The Arab Dream theatre troupe was established in October 2013 by the cultural office of the Coalition of Revolutionary Youth. The troupe started with eight amateur members with a talent for theatre, and they are being trained by the head of the cultural office, a theatre director himself.
The troupe’s work attempts to shed light on “challenges facing the revolutionary movement in a critical manner. The plays combine subtle sarcasm with silent performances that rely not on action but rather on delivering the message unaltered,” as recounted by a group member.
The troupe has insisted on using live street theatre in public place because they believe that those that are posted online have failed to reach their intended audience inside Syria. To that end, they have taken it upon themselves to deliver their art to the most crowded streets and public places in liberated areas, so as their message can reach the largest number of people. They have also decided to use silent plays as a more poignant suggestive form than dialogue and plot-based plays. The silent scenes also attract a larger number of spectators and deliver their message in the shortest amount of time.
The troupe has already presented two plays. The first one discussed the ongoing struggle between the Free Syrian Army (FSA) and the Islamic State of Iraq and Syria (ISIS) and its effects on civilians. The second play focused on the kidnapping and murdering of journalist by the regime and some groups of the FSA and radical Islamist groups. ISIS attempted to ban the play on the basis that the music accompanying the show was religiously forbidden, but the troupe resisted and insisted that their show must go on.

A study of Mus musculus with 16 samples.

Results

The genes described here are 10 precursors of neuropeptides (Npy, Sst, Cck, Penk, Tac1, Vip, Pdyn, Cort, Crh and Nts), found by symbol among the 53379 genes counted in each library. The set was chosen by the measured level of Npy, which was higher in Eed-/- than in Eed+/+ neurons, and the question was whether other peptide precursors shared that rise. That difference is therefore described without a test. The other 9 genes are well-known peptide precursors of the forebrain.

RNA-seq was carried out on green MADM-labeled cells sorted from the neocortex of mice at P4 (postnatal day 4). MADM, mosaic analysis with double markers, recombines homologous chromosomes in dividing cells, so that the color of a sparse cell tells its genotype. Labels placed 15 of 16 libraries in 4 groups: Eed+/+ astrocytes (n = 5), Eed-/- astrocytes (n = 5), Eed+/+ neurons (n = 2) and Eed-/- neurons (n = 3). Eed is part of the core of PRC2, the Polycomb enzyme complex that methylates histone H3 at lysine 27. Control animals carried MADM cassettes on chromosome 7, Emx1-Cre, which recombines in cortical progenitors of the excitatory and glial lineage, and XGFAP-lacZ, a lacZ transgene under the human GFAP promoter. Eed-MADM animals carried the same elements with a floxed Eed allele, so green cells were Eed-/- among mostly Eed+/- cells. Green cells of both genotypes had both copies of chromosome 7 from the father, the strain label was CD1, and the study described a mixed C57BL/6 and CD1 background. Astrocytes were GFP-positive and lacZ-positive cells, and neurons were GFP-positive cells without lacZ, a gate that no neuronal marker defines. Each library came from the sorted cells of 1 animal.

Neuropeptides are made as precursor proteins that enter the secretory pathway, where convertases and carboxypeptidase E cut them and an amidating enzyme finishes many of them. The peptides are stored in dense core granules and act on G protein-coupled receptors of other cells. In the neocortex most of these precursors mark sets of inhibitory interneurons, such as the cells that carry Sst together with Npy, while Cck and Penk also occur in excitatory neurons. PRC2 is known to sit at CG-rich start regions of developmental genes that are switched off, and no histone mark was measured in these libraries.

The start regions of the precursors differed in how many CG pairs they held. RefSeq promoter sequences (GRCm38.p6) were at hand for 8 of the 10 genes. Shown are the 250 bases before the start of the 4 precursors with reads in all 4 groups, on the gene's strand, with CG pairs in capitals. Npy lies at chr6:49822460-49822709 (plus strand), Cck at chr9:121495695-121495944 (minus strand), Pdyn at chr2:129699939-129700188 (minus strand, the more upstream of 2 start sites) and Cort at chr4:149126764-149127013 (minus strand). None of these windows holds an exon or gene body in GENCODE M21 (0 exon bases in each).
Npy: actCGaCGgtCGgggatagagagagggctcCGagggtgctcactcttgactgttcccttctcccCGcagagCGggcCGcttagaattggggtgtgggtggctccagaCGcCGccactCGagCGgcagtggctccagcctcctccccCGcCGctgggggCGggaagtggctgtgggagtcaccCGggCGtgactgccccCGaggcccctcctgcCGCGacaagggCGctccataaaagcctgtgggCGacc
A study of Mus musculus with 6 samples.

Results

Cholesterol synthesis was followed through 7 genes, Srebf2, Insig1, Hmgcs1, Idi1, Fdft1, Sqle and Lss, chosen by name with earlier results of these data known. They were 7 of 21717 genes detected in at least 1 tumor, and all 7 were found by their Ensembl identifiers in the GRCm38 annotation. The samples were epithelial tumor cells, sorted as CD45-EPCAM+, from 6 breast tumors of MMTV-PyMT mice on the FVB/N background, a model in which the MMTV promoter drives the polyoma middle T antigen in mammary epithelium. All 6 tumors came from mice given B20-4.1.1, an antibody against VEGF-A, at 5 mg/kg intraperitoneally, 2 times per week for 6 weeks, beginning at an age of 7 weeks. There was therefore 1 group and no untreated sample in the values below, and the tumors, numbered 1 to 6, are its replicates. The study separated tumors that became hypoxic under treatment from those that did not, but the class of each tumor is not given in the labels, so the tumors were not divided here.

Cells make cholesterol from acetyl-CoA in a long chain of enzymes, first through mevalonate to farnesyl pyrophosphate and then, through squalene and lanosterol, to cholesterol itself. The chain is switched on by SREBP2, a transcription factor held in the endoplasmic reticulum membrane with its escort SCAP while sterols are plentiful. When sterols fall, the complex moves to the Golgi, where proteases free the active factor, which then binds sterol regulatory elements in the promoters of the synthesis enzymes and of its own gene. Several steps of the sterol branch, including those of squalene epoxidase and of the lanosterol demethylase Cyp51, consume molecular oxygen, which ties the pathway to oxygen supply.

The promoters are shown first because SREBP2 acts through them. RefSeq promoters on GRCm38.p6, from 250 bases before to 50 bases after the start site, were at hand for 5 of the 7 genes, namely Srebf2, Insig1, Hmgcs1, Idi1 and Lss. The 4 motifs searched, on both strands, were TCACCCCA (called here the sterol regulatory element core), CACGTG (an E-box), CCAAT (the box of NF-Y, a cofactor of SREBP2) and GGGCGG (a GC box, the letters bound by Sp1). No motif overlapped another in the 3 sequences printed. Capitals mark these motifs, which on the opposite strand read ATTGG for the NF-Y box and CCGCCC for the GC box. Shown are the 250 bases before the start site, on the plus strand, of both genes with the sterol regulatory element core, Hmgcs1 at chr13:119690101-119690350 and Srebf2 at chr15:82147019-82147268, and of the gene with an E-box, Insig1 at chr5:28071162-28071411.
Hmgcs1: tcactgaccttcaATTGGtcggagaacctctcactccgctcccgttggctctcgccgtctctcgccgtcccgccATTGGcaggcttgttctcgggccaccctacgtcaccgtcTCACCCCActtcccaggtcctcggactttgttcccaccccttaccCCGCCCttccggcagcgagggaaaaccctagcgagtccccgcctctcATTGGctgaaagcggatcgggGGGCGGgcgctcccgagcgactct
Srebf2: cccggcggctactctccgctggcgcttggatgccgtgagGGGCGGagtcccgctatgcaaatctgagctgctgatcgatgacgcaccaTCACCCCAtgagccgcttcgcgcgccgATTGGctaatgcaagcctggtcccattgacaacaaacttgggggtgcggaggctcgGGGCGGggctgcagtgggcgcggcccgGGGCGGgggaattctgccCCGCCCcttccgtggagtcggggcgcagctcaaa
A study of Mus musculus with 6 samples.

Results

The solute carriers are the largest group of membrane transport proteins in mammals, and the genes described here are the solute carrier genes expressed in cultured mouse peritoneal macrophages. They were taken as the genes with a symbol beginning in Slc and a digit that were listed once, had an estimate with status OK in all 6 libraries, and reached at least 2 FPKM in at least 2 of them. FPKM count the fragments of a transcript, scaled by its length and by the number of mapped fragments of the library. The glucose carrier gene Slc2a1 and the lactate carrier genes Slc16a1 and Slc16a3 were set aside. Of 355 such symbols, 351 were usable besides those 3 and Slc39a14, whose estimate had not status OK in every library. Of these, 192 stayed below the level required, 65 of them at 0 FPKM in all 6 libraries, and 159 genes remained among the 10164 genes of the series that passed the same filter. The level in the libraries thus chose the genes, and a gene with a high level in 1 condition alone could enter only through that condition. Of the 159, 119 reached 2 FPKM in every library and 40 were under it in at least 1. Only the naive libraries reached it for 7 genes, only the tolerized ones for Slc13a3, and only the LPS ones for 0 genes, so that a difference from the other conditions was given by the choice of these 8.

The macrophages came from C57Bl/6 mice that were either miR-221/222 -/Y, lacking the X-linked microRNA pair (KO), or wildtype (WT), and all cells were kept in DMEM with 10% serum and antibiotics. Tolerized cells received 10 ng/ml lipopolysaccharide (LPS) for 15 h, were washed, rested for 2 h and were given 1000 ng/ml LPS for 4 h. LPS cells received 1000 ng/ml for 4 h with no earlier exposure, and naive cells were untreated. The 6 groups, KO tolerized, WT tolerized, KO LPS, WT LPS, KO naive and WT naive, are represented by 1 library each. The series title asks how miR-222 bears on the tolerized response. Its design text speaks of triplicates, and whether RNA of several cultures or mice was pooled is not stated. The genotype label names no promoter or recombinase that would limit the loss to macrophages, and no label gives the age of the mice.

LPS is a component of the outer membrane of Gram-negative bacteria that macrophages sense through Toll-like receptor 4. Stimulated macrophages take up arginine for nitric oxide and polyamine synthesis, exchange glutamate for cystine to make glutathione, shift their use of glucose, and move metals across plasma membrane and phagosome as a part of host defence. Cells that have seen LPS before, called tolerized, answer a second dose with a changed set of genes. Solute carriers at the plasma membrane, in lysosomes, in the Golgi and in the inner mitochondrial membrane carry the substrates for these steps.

The troupe’s first public event was likened by group members to their first demonstrations, out of fear from ISIS this time. But the support and platitude they received from the gathering audience was far beyond anything they expected. This pushed the troupe to continue with their work.
This first confrontation has pushed the team to carefully select the public places for their events. According to an organizer, “we select the place based on its relevance to the subject topic of the play, but also based on how crowded it is. We also contact friends in the FSA and the coordination committees active in the town to be ready for any emergency.”
Yet the group’s effort face many hurdles, foremost of which is the distrust afforded to them by the powerful militias. Securing funds is also an issue for the group. So far they’ve been making do with the simple resources at their disposal, but they believe that with more funding their message could reach even more people.
Nevertheless, the team is always working on something new. And they believe their critical eye is especially needed at a time when “militias are busy dividing booty, and the opposition busy quarreling amongst themselves, while the regime continues to rain bombs and hunger on civilians.”